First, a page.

Published: Monday, July 6 2015 10:44 p.m. MDT

This photo taken Jan. 9, 2014 shows a mockup of a Minuteman 3 nuclear missile used for training by missile maintenance crews at F. E. Warren Air Force Base, Wyo. The Obama administration says the number of launch-ready Air Force land-based nuclear missiles will shrink to 400 — the lowest total since the early 1960s — as part of a plan for complying with a U.S.-Russia arms treaty. (Robert Burns, Associated Press) This photo taken Jan. 9, 2014 shows a mockup of a Minuteman 3 nuclear missile used for training by missile maintenance crews at F. E. Warren Air Force Base, Wyo. The Obama administration says the number of launch-ready Air Force land-based nuclear missiles will shrink to 400 — the lowest total since the early 1960s — as part of a plan for complying with a U.S.-Russia arms treaty. (Robert Burns, Associated Press)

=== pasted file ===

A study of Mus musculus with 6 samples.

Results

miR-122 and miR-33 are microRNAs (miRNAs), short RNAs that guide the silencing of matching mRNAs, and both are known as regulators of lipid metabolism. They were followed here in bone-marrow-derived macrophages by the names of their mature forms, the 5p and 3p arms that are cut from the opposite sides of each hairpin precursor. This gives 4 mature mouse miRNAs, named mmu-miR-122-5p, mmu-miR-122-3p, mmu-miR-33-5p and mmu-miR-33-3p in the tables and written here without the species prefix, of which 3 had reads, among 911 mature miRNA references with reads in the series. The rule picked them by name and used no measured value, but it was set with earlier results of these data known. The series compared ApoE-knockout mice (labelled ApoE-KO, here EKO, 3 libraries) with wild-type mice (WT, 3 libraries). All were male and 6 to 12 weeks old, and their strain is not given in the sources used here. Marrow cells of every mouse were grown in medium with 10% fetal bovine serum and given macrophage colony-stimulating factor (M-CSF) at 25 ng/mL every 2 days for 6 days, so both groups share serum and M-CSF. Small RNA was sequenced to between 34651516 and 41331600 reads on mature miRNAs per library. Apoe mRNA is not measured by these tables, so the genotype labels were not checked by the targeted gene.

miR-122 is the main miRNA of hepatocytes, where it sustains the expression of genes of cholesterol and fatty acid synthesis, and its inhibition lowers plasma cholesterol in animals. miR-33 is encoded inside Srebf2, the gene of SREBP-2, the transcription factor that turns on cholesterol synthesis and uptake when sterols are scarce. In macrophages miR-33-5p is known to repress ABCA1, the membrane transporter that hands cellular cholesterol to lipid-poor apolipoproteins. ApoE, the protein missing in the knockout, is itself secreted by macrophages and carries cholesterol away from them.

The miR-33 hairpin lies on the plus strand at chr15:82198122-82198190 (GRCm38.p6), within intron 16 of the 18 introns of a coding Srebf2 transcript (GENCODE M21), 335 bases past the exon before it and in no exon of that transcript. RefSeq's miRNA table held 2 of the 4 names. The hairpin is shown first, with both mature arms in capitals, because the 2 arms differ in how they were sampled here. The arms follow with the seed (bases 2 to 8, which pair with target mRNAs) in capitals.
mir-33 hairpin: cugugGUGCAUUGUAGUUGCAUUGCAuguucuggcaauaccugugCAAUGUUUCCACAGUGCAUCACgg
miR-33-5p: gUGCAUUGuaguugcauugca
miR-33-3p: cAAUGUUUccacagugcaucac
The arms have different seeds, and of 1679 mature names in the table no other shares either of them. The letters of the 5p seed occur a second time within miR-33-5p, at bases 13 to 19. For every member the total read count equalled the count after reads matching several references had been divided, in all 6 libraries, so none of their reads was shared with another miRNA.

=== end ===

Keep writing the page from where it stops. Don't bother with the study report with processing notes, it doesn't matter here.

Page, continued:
WASHINGTON — The Obama administration says the number of launch-ready Air Force land-based nuclear missiles will shrink to 400 — the lowest total since the early 1960s — as part of a plan for complying with a U.S.-Russia arms treaty.

The number of those deployed missiles will drop by 50 by February 2018. The Pentagon said Tuesday that the 50 missiles to be removed from their underground silos will be kept on standby rather than eliminated. The missile force has encountered numerous recent setbacks, including an exam-cheating scandal.

The Navy will shed 40 submarine-launched ballistic nuclear missiles, and the Air Force will cut its nuclear bomber force by six.

The reductions will put the U.S. in compliance with the 2011 New START treaty, which allows a maximum of 700 deployed strategic nuclear weapons.